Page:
It seems like at least once a month, a long-time teacher's retirement or resignation a letter gets picked up by national media. The letters thank students, parents, and colleagues, but they typically end on a sobering note about the state of our public education system and the demise of the teaching profession.
The Washington Post recently printed a letter from Gerald Conti, a social studies teacher from the Westhill Central School District in neighboring Syracuse.
Data-driven education is only interested in conformity, standardization, and zombie-like adherence to testing standards, Conti writes. Creativity, academic freedom, and innovation are not rewarded, he writes.
Like many former teachers, Conti blames politicians who, he says, have traded education for state and federal funds. But he also blames the New York State United Teachers union for taking membership money and not mounting an effective campaign against politicians and politicians' underwriters in the private sector.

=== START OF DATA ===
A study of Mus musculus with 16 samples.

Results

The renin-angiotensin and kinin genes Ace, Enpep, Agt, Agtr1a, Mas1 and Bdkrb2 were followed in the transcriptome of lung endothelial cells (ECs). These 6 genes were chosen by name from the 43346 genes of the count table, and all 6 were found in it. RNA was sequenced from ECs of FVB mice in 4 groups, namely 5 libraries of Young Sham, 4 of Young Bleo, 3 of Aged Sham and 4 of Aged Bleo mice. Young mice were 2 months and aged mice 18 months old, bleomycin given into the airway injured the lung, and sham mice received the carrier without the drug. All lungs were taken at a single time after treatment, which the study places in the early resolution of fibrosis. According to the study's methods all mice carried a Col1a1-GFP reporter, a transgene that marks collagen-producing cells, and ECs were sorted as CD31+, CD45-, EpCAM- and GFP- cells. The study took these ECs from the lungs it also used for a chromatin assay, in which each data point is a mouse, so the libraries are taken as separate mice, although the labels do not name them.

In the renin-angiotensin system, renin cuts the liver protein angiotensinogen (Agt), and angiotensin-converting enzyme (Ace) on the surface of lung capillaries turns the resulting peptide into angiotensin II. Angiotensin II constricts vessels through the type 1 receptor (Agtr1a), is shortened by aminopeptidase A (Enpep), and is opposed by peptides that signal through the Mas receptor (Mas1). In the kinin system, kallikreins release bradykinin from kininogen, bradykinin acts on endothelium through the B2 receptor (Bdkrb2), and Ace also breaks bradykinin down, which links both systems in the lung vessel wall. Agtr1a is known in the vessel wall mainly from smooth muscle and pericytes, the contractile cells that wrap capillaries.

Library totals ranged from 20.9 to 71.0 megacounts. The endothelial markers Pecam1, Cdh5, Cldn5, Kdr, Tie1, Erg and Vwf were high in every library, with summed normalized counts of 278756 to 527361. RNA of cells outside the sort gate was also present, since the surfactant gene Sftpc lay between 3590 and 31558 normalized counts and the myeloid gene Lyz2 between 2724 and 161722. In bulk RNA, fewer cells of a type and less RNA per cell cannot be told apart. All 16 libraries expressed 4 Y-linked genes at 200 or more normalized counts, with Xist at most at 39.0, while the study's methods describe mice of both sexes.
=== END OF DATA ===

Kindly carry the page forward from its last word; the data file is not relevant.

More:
In fairness, Conti should be equally critical of the union for making it too cumbersome for administrators to fire incompetent and misbehaving teachers; it's served as the reformers’ messaging salvo.
Most education reform efforts are aimed at low-performing urban school districts. We seldom hear from suburban teachers who are quitting out of frustration with the profession. And we seldom read letters from teachers still in the classroom and singing the praises of President Bush’s No Child Left Behind or President Obama’s Race to the Top legislation.
Despite the money and political power directed at education reform, more teachers, including some local educators, are challenging group think on everything from teacher evaluations to standardized testing.
For example, the Bill and Melinda Gates Foundation spent roughly $50 million to come up with a teacher evaluation system, but the calculations used to develop the evaluation appear to be wrong.
A blog by Gary Rubenstein, a New York City math teacher, says the Gates Foundation’s numbers don’t add up. And he’s not the only teacher to draw the same conclusion. In other industries, people like Conti and Rubenstein would be praised as whistleblowers.
The closing line in Conti’s letter says, “I realize that I am not leaving my profession. In truth, it has left me. It no longer exists.”